A Northwest Washington ballet instructor faces up to 50 years in prison after pleading guilty yesterday to five counts of taking indecent liberties with his dance pupils.
Karoly Barta, 46, a Hungarian-born dance instructor who runs a dance studio and who for the last four years produced Christmas "Nutcracker" performances at Constitution Hall, was ordered held without bond in D.C. Jail after entering his plea before Judge Fred B. Ugast in D.C. Superior Court. Under the provisions of the plea Barta did not admit committing any offenses.
Ugast, calling the case "a tragedy for these young girls and for Mr. Barta," set sentencing for Feb. 25 and told Barta he would reconsider his confinement order if Barta submits to psychiatric evaluation.
Barta, a short, slightly built former professional dancer, was indicted last April on 40 felony counts of engaging in, or attempting to engage in, sexual activities with nine girls ranging in age from 5 to 11 at his studio at 2801 Connecticut Ave. NW, formerly called Dance for Washington Inc., and recently renamed International Ballet Institute. Had he been convicted on all counts, he could have been sentenced to more than 200 years in prison.
In a plea arrangement with federal prosecutors, 35 of those counts were dropped in exchange for Barta's guilty plea to taking "immoral, improper and indecent liberties" with five pupils in incidents that occurred between 1978 and 1981.
Barta entered his plea under provisions of a 1970 U.S. Supreme Court decision allowing a defendant to plead guilty, therefore avoiding a trial, while at the same time not acknowledging that he committed any offenses.
In the 1970 case, North Carolina v. Alford, the defendant, facing strong evidence against him and a possible death penalty for first-degree murder, pleaded guilty to second-degree murder to avoid a capital sentence, but insisted he was innocent. The Supreme Court permitted this type plea.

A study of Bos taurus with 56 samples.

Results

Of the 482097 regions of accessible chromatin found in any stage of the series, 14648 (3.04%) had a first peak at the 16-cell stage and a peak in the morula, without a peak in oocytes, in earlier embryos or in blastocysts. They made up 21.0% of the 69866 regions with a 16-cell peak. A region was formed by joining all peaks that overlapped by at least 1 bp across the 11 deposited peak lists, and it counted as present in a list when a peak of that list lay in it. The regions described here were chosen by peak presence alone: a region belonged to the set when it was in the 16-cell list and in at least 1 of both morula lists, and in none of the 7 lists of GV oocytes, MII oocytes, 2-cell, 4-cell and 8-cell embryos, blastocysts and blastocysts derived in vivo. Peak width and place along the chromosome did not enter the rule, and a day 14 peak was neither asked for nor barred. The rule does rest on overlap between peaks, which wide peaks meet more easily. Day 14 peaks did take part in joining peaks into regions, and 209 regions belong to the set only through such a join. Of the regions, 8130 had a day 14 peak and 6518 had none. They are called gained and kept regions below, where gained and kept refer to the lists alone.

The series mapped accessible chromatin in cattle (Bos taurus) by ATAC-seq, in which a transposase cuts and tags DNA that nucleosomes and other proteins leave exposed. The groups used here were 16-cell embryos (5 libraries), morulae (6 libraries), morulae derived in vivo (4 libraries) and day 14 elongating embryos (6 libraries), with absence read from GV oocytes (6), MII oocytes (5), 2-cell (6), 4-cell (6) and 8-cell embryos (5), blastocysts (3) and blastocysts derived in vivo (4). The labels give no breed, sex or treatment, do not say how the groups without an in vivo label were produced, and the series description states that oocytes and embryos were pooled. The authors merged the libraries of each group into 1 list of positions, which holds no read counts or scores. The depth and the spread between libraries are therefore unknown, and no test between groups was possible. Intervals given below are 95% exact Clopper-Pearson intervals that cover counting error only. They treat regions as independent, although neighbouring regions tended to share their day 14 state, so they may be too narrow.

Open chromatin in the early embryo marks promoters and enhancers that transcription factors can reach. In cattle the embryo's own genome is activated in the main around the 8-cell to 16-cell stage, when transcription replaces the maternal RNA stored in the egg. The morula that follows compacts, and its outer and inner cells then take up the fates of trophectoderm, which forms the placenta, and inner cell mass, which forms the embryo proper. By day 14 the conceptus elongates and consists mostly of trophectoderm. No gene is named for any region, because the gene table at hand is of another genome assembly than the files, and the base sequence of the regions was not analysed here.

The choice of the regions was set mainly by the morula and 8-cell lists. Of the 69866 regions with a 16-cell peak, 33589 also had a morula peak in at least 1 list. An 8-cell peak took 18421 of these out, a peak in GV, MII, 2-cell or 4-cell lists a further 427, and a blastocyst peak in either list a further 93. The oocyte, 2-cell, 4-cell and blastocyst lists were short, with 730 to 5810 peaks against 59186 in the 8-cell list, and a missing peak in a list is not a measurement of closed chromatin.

Assistant U.S. Attorney Brooks Harrington, deputy chief of the felony trial division, said the government accepted this particular form of plea-bargain in Barta's case because it "provides for substantial penalties" while avoiding "the necessity of having the children go through the ordeal of testifying."
Assistant U.S. Attorney Harold L. Cushenberry, responding to Barta's failure to acknowledge that he committed the offenses, told Ugast that "there's nothing to show that Mr. Barta understands why he does these things . . . Something may trigger his actions that could endanger others."
In ordering Barta held, Ugast added that he was not convinced that the dance instructor and choreographer "is coming to grips with the problem."
Proffering to the court what the government would have shown had the case gone to trial, Cushenberry outlined complaints from five girls who said Barta fondled them while purporting to show them dance exercises.
Barta fondled the girls, Cushenberry contended, after taking them to private rooms while other dancers were rehearsing elsewhere in the dance studio. In one case, Barta fondled a 10-year-old he had encouraged to try out for the "Nutcracker" production after meeting her at the Watergate and telling her "she would be an ideal pupil," Cushenberry said.
According to Cushenberry, one 8-year-old told a grand jury she had been fondled by Barta but hesitated telling her parents "because I thought it was part of the dance instruction."
As part of the plea-bargaining process, Barta agreed not to contest the proffering of the prosecutor.
Barta's defense attorney, Gary Coleman, said in court that Barta's alleged sexual activities with young girls may have stemmed from "the pressure, the fantasy involved in the production of 'The Nutcracker.' "
Barta had staged productions of "The Nutcracker" at Constitution Hall since 1978. He had advertised a "Nutcracker" performance at the hall this year. But the week of dress rehearsals, parents of 10 pre-teenage dancers at a studio in Bowie pulled their children out of the production after learning through prosecutors of the charges against Barta.
The production fell through. Constitution Hall manager George Brooks said that "The Nutcracker" never had a firm engagement this Christmas.